Authoring Data-Driven Documents

Over the last few months I’ve been learning D3 (Data-Driven Documents), which is a really powerful data visualization library built for javascript. The InfoVis paper gets to the gritty details of how it supports data transformations, immediate evaluation of attributes, and a native SVG representation. These features can be more or less helpful depending on what kind of visualization you’re working on. For instance, transformations don’t really matter if you’re just building static graphs. But being able to inspect the SVG representation of your visualization (and edit it in the console) is really quite helpful and powerful.

But for all the power that D3 affords, is programming really how we should be (want to be?) authoring visualizations?

Here’s something that I recently made with D3. It’s a story about U.S. manufacturing productivity, employment, and automation told across a series of panels programmed using D3.

Now, of course, the exploratory data analysis, storyboarding, and research needed to tell this story were time-consuming. But after all that, using D3 to render the graphs I wanted was substantially more tedious and time-consuming than I would have liked. I think this was because (1) my knowledge of SVG is not fantastic and I’m still learning that, but more importantly (2) D3 supports very low-level operations that make high level activities for basic data storytelling time-consuming to implement. And yes, D3 does provide a number of helper modules and layouts, but these aren’t documented with clear examples using concrete data that would make it obvious how to easily utilize them. Having support for the library on jsFiddle, together with some very simple examples would go a long way towards helping noobs (like me!) ramp up.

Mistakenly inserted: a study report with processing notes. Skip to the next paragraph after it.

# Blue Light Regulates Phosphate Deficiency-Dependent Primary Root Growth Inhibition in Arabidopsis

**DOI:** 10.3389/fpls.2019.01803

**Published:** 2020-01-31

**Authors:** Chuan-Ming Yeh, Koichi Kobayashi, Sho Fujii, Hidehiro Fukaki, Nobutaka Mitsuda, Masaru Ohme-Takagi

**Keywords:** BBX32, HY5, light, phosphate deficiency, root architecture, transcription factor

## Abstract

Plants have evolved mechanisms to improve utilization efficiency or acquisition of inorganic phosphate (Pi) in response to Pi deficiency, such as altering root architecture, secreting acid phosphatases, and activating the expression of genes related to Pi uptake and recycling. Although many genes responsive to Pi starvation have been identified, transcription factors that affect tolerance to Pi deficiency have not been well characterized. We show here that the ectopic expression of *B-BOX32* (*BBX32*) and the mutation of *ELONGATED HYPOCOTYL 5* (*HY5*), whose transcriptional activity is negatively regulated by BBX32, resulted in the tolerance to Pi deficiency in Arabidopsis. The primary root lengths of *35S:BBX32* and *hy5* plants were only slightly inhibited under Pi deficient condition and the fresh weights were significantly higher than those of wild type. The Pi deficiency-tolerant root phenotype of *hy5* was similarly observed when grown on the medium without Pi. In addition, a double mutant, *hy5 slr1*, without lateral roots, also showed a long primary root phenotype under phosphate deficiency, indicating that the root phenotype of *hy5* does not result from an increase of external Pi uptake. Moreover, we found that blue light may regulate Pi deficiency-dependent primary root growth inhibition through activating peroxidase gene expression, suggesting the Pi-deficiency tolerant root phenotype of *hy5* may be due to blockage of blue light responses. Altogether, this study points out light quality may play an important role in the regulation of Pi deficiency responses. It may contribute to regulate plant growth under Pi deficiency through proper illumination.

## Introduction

But, really, where’s the flash-like authoring tool of data visualization? Such a tool could be used to interactively manipulate a D3 visualization and, when you’re done, output HTML + CSS + D3 code to generate your graphs (including animation, transitions, etc.). The tool would also include basic graph templates that could be populated with your data and customized. Basic storytelling functions for highlighting important aspects or comparisons of the data (e.g. through animation, color, juxtaposition, etc.), or using text to annotate and explain the data could also be supported. D3 suffers from a bit of a usability problem right now, and powerful as it is, authoring stories with visualization doesn’t need to be, nor should it be, bound up in programming.